U.S. Senator Jeff Merkley (D-OR) and U.S. Representative Alan Lowenthal (D-CA) reintroduced the Break Free from Plastic Pollution Act (BFFPPA), a landmark bill designed to reduce plastic and packaging waste and transform the recycling system. The bill would implement a national Extended Producer Responsibility (EPR) program for packaging and paper products, a nationwide container deposit requirement, carryout bag fee, bans on some single-use plastic products, standardized product labeling for recycling and disposal, a temporary pause on the construction of new plastics facilities and incinerators, and regulations on exports of recyclable materials.
“Only about 50% of packaging in the U.S. is recycled – well below many other countries, and that rate has been stagnant for nearly two decades,” said Scott Cassel, Founder & CEO of PSI. “This bill will increase recycling while saving local governments millions of dollars to manage an increasingly complex waste stream.”
With EPR as its centerpiece, the BFFPPA shifts the financial burden for recycling from local governments and taxpayers to brand owners and packaging producers – those who put packaging and paper products on the market. The bill’s EPR component was directly informed by PSI’s policy model, part of a larger packaging stewardship tool kit for governments, which includes a seminal 2020 report, EPR for Packaging and Paper Products: Policies, Practices, and Performance.
Across the country, communities are spending tens of millions of dollars to maintain their recycling programs. The COVID-19 pandemic has exacerbated these budgetary impacts. In 2020, many municipal recycling programs shut down or increased costs for taxpayers and ratepayers. Without EPR for packaging and paper products, local programs will continue to face unstable markets and increasingly tight budgets, even as household waste and recycling increase. Eleven states have introduced, or are currently developing, packaging EPR bills this legislative session to address this budget crisis. Most bills were informed by PSI’s EPR model.
“Niagara County municipalities have faced dramatic recycling cost increases in the past three years, and now some communities are paying higher rates for recycling than disposal,” said Dawn Timm, Niagara County Environmental & Solid Waste Director in New York. “EPR addresses unreasonable demands on municipalities to manage and pay for materials that they had no input on creating in the first place.”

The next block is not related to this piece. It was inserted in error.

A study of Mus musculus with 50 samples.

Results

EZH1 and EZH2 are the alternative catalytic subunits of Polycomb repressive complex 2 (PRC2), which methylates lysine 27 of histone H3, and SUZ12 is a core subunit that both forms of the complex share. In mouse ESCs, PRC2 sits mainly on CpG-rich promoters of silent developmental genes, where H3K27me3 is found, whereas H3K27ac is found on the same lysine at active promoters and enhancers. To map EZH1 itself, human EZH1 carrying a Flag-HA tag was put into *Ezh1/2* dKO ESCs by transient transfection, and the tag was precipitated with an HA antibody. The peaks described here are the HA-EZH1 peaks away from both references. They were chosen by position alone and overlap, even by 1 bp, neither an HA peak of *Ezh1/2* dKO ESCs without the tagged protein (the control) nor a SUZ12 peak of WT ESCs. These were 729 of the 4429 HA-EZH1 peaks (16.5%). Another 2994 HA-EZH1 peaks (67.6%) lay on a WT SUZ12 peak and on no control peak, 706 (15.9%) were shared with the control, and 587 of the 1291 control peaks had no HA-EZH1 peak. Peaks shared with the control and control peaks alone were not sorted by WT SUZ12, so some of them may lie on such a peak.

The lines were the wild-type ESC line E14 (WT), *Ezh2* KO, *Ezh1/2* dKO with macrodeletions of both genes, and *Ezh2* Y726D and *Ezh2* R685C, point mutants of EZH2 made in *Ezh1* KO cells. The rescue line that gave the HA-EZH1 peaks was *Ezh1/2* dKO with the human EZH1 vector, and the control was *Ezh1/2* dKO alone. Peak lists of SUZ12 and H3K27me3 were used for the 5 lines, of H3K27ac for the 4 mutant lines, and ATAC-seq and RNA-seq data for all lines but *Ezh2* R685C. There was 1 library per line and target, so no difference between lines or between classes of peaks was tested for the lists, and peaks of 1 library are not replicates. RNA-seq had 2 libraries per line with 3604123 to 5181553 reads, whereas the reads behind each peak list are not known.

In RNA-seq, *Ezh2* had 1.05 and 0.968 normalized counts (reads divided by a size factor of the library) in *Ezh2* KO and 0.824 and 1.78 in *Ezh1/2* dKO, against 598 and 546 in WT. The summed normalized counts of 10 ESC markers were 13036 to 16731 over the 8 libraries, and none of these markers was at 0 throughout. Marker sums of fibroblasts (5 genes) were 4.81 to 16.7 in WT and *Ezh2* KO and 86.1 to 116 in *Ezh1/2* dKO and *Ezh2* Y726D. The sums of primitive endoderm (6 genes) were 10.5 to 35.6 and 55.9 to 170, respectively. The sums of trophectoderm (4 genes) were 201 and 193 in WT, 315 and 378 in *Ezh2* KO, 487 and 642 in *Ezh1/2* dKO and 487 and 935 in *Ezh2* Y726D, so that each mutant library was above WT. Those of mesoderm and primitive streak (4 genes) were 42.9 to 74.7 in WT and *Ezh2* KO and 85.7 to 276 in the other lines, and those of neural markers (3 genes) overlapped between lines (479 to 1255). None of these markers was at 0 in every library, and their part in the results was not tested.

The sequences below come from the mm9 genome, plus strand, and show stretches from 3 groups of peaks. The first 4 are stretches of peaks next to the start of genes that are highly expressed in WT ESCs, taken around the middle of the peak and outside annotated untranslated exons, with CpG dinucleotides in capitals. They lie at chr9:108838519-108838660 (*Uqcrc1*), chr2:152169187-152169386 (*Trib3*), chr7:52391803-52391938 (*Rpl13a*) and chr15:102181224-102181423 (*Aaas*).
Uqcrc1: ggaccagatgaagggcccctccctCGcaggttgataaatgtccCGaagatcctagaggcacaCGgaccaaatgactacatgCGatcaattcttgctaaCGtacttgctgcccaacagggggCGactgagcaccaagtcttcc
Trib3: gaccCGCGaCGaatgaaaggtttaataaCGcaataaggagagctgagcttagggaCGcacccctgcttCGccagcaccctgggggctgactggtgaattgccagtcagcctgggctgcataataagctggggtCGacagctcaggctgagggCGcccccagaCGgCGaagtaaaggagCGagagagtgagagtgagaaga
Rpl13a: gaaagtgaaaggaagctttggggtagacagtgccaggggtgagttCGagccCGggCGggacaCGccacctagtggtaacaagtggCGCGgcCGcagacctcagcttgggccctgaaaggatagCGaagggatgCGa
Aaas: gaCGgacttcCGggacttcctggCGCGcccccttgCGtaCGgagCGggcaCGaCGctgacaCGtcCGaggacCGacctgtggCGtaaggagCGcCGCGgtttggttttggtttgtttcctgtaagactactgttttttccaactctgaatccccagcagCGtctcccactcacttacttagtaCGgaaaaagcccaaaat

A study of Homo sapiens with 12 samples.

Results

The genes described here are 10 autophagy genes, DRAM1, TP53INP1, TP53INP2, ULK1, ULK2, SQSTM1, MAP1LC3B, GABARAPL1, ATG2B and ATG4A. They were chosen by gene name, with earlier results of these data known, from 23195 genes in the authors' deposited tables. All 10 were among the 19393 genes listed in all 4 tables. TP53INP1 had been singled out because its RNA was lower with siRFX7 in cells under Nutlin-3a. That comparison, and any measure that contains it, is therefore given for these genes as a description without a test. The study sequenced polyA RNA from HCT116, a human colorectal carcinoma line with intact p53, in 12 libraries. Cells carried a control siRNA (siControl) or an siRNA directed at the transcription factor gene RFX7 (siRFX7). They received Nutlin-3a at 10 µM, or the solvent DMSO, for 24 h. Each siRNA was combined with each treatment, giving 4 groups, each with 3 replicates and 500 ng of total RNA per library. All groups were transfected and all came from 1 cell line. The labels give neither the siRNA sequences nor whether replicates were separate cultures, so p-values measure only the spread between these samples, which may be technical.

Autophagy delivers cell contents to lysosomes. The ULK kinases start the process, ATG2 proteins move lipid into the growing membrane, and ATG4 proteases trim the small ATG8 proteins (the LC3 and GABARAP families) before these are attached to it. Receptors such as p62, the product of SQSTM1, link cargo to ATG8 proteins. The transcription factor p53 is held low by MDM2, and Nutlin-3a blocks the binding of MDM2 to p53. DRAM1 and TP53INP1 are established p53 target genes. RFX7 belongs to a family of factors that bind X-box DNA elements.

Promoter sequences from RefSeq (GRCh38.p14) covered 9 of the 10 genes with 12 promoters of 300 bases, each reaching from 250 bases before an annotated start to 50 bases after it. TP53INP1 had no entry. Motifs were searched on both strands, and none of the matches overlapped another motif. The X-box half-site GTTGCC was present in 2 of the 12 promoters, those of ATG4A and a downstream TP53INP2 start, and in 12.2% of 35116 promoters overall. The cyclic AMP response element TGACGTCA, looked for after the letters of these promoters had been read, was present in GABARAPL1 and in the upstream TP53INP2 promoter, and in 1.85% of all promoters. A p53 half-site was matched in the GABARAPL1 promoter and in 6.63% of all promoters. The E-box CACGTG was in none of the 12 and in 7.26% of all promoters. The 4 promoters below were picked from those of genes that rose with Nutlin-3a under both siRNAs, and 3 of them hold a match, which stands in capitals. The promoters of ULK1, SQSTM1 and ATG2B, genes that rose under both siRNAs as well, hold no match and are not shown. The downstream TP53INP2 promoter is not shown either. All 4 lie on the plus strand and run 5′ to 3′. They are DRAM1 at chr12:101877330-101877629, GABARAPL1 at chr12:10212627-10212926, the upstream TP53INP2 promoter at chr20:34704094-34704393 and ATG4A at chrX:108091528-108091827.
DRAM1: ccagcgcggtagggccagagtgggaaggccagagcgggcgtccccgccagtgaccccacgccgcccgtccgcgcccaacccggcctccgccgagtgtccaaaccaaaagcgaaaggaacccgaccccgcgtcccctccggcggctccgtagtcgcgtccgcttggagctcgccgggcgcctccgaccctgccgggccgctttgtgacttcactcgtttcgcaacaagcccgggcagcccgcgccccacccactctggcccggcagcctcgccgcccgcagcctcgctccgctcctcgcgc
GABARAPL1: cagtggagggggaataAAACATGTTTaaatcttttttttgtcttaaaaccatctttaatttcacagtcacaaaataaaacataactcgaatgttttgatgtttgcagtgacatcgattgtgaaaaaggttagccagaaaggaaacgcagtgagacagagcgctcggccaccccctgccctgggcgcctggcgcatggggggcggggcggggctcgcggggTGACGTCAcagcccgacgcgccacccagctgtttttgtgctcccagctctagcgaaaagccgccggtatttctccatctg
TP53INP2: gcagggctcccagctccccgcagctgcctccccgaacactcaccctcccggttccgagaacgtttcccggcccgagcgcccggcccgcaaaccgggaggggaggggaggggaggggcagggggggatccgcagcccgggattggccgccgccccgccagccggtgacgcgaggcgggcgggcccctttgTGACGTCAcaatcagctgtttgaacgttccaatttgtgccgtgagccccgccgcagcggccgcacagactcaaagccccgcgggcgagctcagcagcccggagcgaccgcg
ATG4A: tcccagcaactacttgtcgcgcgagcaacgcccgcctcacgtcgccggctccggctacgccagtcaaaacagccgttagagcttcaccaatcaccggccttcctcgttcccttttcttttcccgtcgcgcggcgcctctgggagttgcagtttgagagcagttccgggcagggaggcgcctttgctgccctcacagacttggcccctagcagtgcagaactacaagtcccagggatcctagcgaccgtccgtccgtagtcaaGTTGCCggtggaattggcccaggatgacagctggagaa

For producers, the bill provides financial incentives to redesign their products and packaging materials to reduce waste, use recycled content, and minimize their impacts on the environment. It also directs them to invest in infrastructure to modernize our fractured recycling system. By fostering healthy markets for recycled materials, EPR for packaging and paper products will also help producers reach their publicly stated goals for using post-consumer content.
“EPR is not only a more sustainable solution, it’s more equitable because it puts the cost on those who produce and consume packaging,” said Scott Klag, Senior Planner for Oregon’s Metro, a regional government that includes Portland, and Vice President of PSI’s Board.
The BFFPPA takes bold strides toward a more equitable and just waste system. Under the current system, low-income communities and communities of color are disproportionately affected by the health and environmental impacts of increased landfilling, incineration, and litter. The bill will ensure that plastic waste from the United States is sent only to responsible recycling markets that minimize harm to the environment and risks to public health and worker safety. The bill will also place a temporary pause on the permitting of new plastics facilities and incinerators until the U.S. Environmental Protection Agency and other federal agencies can study the impacts these facilities have on surrounding communities and ensure adequate regulations are in place to prevent harm.
The Break Free from Plastic Pollution Act seeks to build a stronger, more resilient, and more equitable recycling system by creating a national EPR program to drive investment in recycling infrastructure and hold producers accountable for the materials they use. By incentivizing upstream waste reduction and the design of lower-impact products and packaging, this bill will propel the U.S. into a circular economy where materials are sustainably used and reused, repeatedly.